I voted yesterday afternoon, at the third polling place I'd visited in the day. No, I wasn't confused or lost, but it was a little irritating that you can't vote at the place that's closest or most convenient to you. We must vote at the polling place that has been arbitrarily assigned to residents based on some arcane boundary system. Whatever.
When I dropped the kids off at SACC (which was all-day, due to the school closures for teacher conferences and voting), I hit the first polling place. I actually asked the elections officials there if I could get my vote in while I was there and was denied (irk!). A few hours later, I had a mid-morning teacher conference concerning Rosie's progress at the second polling place. As I entered, a couple of cheerful leafleters attempted to press their documents into my hands, but I had to convince them that I was not there to vote. Although the conferences were running behind schedule and I had about 45 minutes to kill, I didn't bother checking if I could get my vote at this location—those elections people are pretty hardcore.
The conference itself was glowing as always with Mrs. Clark (she LURVES Rosie with all her heart). Mrs. Clark told me things I'd heard before, such as Rosie is a unique thinker, not cookie-cutter, takes projects in directions none of the other kids think of; she blew all the other kids out of the way on her spelling placement test at the beginning of the year, placing into 3rd or 4th grade level words (e.g., she spelled alliteration correctly!); and is one of the best class artists along with her friend Janna. The only negatives she received were with math and organization skills along with a negative-positive comment that Rosie has really blossomed socially with her peers to the point that she's too chummy and chatty, getting distracted by the socializing.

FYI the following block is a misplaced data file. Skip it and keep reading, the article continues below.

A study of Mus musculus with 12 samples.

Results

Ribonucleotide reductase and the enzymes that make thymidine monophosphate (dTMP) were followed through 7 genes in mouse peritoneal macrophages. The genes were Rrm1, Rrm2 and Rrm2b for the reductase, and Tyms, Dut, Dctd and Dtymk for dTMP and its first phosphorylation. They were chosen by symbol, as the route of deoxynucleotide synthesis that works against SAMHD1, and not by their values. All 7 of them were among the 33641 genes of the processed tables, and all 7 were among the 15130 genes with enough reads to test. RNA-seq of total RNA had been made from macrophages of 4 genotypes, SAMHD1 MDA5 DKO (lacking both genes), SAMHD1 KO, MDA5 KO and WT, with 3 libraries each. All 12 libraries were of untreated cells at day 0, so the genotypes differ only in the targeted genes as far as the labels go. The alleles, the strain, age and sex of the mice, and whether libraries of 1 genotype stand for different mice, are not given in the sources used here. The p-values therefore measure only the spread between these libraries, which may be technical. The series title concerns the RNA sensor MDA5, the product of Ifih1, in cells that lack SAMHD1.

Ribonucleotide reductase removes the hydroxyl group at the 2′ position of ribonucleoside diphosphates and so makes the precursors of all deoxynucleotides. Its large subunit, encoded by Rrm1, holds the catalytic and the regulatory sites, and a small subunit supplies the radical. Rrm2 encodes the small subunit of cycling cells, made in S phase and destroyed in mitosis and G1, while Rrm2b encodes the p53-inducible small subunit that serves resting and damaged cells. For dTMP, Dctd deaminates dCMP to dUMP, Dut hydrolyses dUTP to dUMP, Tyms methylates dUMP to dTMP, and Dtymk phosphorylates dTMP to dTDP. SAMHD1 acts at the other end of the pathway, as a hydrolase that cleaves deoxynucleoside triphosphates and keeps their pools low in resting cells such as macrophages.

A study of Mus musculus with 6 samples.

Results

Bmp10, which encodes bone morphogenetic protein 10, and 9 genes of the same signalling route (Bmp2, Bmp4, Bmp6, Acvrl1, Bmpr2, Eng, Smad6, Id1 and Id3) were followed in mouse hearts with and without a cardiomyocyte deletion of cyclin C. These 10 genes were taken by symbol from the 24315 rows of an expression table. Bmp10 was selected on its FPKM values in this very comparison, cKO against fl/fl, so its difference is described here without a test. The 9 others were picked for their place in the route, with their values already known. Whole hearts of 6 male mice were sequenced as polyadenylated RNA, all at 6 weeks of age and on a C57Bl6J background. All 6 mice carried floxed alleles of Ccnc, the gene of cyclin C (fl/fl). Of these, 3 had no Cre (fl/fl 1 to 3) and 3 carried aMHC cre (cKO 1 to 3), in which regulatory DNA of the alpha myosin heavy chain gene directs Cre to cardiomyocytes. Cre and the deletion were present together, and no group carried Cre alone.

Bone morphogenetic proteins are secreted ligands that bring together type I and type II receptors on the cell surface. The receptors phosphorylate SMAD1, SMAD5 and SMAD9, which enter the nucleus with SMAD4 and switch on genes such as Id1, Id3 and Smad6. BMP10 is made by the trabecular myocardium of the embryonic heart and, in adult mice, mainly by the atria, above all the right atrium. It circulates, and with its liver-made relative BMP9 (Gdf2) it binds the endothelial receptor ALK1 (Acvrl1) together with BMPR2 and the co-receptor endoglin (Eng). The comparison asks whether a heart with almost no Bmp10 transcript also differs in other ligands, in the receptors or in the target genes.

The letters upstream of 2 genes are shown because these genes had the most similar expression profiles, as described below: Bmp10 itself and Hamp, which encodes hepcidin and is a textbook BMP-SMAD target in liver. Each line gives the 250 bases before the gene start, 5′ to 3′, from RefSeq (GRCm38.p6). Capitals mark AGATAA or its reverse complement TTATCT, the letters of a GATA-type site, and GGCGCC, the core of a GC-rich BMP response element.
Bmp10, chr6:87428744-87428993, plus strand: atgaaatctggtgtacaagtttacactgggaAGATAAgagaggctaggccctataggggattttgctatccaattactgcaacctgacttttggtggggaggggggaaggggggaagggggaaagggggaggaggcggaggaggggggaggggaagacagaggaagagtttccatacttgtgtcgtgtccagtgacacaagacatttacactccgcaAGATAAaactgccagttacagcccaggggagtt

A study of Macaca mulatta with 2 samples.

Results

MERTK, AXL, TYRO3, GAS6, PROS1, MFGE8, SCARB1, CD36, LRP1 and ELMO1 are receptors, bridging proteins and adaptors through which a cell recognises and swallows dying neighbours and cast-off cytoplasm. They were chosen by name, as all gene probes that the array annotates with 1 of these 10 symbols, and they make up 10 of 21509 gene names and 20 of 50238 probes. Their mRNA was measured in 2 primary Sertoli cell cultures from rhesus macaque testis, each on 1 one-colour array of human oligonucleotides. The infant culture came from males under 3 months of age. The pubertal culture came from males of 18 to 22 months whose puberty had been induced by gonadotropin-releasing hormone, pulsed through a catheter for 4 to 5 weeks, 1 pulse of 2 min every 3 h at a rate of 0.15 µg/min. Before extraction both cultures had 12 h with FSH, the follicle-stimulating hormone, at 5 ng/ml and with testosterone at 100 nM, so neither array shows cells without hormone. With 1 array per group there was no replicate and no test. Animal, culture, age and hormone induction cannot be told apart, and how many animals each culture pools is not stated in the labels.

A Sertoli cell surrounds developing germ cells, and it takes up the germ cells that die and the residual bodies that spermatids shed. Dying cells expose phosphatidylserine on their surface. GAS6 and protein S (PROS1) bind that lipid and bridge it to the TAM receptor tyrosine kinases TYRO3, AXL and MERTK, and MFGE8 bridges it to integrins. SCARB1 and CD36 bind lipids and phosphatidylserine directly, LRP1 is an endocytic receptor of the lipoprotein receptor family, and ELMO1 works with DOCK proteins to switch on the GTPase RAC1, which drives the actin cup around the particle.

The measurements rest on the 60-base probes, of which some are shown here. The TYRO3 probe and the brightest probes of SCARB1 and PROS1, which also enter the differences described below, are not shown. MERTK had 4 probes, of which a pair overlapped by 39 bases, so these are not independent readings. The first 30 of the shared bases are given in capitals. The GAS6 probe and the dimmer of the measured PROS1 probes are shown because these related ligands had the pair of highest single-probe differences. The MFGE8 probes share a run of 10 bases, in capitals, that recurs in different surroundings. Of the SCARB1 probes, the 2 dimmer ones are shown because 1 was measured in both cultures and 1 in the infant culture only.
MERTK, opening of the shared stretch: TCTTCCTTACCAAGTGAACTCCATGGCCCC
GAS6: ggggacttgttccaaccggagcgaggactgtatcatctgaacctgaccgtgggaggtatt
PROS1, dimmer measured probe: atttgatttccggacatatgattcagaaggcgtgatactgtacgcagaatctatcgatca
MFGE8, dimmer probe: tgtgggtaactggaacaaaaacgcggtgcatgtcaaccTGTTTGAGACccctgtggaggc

That afternoon, I almost considered not voting just out of irritation with being thwarted twice, but then couched going to vote a different way in my mind. I hadn't had any exercise yet, so I would bike to the polling place! It was really just three miles round trip, so nothing much really, but upon arrival at the middle school's polling place (third of the day!), I was surprised by something. There were absolutely no, none, zilch, nada bike racks there. I circumnavigated the entire school grounds and baseball field and found not a one. When I asked the group standing outside the voting entrance where the racks were, they were confused. One girl who attended the school informed me that there were no racks because the middle schoolers WERE NOT ALLOWED TO WALK OR RIDE THEIR BIKES TO SCHOOL.
I was astounded. This just went to another level of annoyance with me. The reason for this, I was told, was that the wide-but-only two lane road outside the school was deemed "too busy." There were sidewalks and bike paths leading up to the school—I had just ridden on or by them. The road itself was very wide, plenty of room for cyclists. What on earth? Are they concerned that the buses would run the biking children down? I'm sorry, but no wonder our kids are so unhealthy. They must be driven everywhere, have so much homework that they can't do after school activities, and probably have trouble with maintaining endurance during the activities they do choose. I've googled information for this school and can't find anything prohibiting walking/biking online. Thankfully, my kids won't be attending this school (and I am planning to allow them to walk or bike), but I'm hoping that someone is willing to be an activist to do something to get the school to change this policy. There should be a way to make the area "safer" if that is the concern? Crazy.